Hope you’ve had a relaxing Easter holiday and been enjoying the improved Spring weather (at least here in Wales). During this welcome break, I’ve finished reading a very helpful book on use of social media, “Platform” by Michael Hyatt.
I first came across Michael online, as a prolific blogger and social media voice on intentional leadership. The wider advice he shares on his own blog is worth mentioning here, for the leadership focus of this blog.
At his blog, I recommend starting by reading the most popular posts, which he highlights. They cover a wide range of leadership challenges (from his days as CEO of Thomas Nelson publishing and since as a speaker, author & blogger).
The contents of this book, however, is aimed at everyone wanting to get started in building an effective platform for your message. His subtitle captures that nicely as “get noticed in a noisy world“. This theme might not seem so immediately ‘on message’ with the Customer Insight focus of this blog, however talking with Customer Insight Leaders from large corporates to small agencies, I’m struck how many are still struggling with this media. Both how to effectively measure its marketing impact and just as importantly how to use this media to share key customer insights, it’s obvious that few have had sufficient training or experience.
Well there is no better way to learn than doing it yourself, so it’s been an exciting journey to seek to put “Platform” into practice with both this blog & the wider profile of Laughlin Consultancy.
“Platform” is a treasure chest of tips, challenges, recommended resources and ideal goals. Michael shares generously from his experience starting out right through to how he now operates as one of the world’s most successful bloggers. While reading through this book it’s important to remember that Michael is a high achiever & driven personality, so I found it helpful to be pragmatic with some of his goals & challenges (especially his enthusiasm for investing in improving so many aspects of your communication). But they are useful challenges none the less and this book does help you ‘cover the bases’.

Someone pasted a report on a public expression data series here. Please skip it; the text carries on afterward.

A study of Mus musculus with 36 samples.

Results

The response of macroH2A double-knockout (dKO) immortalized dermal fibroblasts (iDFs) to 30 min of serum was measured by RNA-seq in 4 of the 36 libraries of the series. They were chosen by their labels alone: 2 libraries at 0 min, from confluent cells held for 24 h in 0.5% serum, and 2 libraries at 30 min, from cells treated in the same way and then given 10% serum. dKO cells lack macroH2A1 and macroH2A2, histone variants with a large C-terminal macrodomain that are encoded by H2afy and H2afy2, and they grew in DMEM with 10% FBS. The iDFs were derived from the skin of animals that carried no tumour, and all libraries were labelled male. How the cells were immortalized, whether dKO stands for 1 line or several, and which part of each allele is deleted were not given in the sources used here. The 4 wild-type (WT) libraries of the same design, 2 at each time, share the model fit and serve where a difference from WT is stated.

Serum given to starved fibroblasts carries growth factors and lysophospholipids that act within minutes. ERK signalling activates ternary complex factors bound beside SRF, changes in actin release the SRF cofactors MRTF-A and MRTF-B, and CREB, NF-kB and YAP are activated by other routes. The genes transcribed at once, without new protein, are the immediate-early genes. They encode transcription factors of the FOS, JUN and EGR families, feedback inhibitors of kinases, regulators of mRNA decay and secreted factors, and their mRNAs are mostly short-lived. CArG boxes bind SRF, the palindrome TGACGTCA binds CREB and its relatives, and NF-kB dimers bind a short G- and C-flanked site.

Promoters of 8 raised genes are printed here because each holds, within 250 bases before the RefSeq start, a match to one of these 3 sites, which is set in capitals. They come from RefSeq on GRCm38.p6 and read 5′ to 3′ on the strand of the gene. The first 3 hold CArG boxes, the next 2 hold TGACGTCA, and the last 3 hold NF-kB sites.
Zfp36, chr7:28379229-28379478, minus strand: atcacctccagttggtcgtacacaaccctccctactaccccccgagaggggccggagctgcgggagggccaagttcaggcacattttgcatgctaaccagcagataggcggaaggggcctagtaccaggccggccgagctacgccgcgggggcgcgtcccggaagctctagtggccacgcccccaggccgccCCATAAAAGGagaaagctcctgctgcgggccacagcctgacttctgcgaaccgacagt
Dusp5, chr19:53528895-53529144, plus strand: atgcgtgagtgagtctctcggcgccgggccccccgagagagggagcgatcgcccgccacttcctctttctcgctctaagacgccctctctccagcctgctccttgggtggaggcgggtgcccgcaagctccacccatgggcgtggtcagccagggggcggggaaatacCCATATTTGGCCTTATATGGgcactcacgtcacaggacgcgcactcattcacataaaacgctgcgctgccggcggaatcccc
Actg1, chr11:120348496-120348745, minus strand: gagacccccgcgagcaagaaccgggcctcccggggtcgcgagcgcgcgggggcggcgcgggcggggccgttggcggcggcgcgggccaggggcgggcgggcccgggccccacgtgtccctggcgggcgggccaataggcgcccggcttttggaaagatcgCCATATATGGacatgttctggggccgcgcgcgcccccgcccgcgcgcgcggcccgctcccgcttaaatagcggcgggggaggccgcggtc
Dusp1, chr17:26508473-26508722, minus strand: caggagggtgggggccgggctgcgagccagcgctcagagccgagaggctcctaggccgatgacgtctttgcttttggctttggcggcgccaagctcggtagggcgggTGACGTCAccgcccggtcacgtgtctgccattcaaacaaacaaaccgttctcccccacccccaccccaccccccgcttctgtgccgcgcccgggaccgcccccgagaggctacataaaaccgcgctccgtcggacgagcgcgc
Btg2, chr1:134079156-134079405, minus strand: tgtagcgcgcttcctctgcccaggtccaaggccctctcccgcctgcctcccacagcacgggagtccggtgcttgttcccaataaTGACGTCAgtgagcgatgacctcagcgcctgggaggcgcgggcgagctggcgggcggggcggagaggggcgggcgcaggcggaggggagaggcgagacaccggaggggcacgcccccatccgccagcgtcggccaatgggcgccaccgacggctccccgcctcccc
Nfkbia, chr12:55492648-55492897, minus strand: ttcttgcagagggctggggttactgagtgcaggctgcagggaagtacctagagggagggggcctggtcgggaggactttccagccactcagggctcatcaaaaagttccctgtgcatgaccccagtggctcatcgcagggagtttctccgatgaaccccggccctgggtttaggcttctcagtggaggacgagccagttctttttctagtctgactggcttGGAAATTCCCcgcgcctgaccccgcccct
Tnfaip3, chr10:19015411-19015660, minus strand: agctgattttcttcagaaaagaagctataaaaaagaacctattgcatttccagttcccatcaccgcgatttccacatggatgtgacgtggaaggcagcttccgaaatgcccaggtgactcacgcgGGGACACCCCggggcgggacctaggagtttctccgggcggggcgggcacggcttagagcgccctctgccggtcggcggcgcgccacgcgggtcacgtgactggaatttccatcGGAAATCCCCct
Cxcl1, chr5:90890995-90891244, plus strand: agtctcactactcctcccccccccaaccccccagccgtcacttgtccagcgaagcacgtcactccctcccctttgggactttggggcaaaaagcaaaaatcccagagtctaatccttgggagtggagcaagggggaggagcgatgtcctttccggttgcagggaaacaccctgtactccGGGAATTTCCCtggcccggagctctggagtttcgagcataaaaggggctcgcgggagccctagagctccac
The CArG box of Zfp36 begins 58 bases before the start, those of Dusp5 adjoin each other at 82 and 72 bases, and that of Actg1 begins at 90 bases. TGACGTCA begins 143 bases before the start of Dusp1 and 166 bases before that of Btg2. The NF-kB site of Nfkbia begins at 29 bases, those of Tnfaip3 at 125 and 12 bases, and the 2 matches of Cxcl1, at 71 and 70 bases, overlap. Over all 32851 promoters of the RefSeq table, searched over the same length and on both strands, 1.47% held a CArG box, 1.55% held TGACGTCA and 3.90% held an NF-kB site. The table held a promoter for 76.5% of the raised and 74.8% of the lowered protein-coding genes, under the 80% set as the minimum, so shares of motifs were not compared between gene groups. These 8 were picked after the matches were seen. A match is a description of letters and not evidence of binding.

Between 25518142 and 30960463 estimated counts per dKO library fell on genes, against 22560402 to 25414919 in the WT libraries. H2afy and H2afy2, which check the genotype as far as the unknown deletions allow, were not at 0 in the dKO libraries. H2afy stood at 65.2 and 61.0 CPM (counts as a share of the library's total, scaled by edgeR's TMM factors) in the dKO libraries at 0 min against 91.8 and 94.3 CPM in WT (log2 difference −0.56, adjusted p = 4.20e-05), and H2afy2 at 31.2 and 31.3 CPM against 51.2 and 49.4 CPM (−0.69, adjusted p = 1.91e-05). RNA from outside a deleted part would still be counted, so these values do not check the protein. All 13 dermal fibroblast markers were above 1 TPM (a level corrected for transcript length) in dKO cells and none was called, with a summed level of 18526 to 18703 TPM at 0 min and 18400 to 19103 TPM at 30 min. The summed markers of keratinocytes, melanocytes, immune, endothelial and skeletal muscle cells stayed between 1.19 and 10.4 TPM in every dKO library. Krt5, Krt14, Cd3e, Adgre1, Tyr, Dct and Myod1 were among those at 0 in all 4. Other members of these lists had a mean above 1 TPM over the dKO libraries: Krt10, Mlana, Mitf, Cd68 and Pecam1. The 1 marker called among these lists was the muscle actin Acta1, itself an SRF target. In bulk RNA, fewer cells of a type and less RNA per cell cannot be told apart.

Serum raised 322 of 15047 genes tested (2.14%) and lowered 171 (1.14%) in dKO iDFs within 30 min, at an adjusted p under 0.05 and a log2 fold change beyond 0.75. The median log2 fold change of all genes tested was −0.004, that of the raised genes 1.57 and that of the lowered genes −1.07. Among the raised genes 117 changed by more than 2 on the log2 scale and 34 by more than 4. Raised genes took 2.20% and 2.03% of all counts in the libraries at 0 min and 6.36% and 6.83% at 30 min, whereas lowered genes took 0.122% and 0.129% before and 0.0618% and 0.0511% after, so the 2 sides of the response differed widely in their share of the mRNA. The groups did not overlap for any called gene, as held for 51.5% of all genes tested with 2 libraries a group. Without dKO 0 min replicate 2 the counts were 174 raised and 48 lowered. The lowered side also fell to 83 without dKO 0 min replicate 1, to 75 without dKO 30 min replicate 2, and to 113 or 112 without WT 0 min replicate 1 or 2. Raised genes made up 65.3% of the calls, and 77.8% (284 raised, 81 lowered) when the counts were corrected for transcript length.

Part one is all about “Start with Wow“. It’s about ensuring you have something compelling, in which you believe, to communicate. UK readers might not use quite the same hyperbole, but the need to have a clear compelling ‘product’ and memorable naming & presentation are well explained.
Part two takes you through preparing to launch. Covering topics like branding, elevator pitch, support services & photography, it is a helpful checklist. All this book is structured in short digestible chapters with clear takeaways from each one.
Part three is about what Michael calls “Build your Home Base“. That is your blog. As a very experienced blogger he shares a wealth of useful hints and tips on setting up your site, content ideas & management, common mistakes and even intellectual property. Often throughout this book he mentioned specific products or services that he has found useful. even if you don’t go with his recommendations, they are really useful way of getting a head-start on understanding resources available and why you might need them.
Part four is then about expanding your reach, though effective use of social media. Michael focusses on use of Twitter although he does also cover Facebook. This section includes a complete introduction to Twitter basics, why it makes sense as a media and how to get the best out of it from just 30 minutes a day. His experience of social media etiquette and what really works (rather than just grows your unengaged followers) is very useful.
Finally, part five covers engaging “Your Tribe“. This covers comment management (especially on your blog), managing trolls, monitoring your brand and his suggestion to practice the 20-to-1 rule. That rule is the sharing of 20 pieces of useful content with your readers/followers for every 1 piece of promotional marketing to them. It’s a good policy and one that is seen in the volume of useful content offered on his own site.
Hopefully you find this book useful, do let us know your views if you’ve read it yourself. I believe it’s easier to establish effective social media marketing effectiveness measurement, or use of this media to share key insights, if you are already experienced in this channel.
How are you investing in your understanding & experience of using social media channels?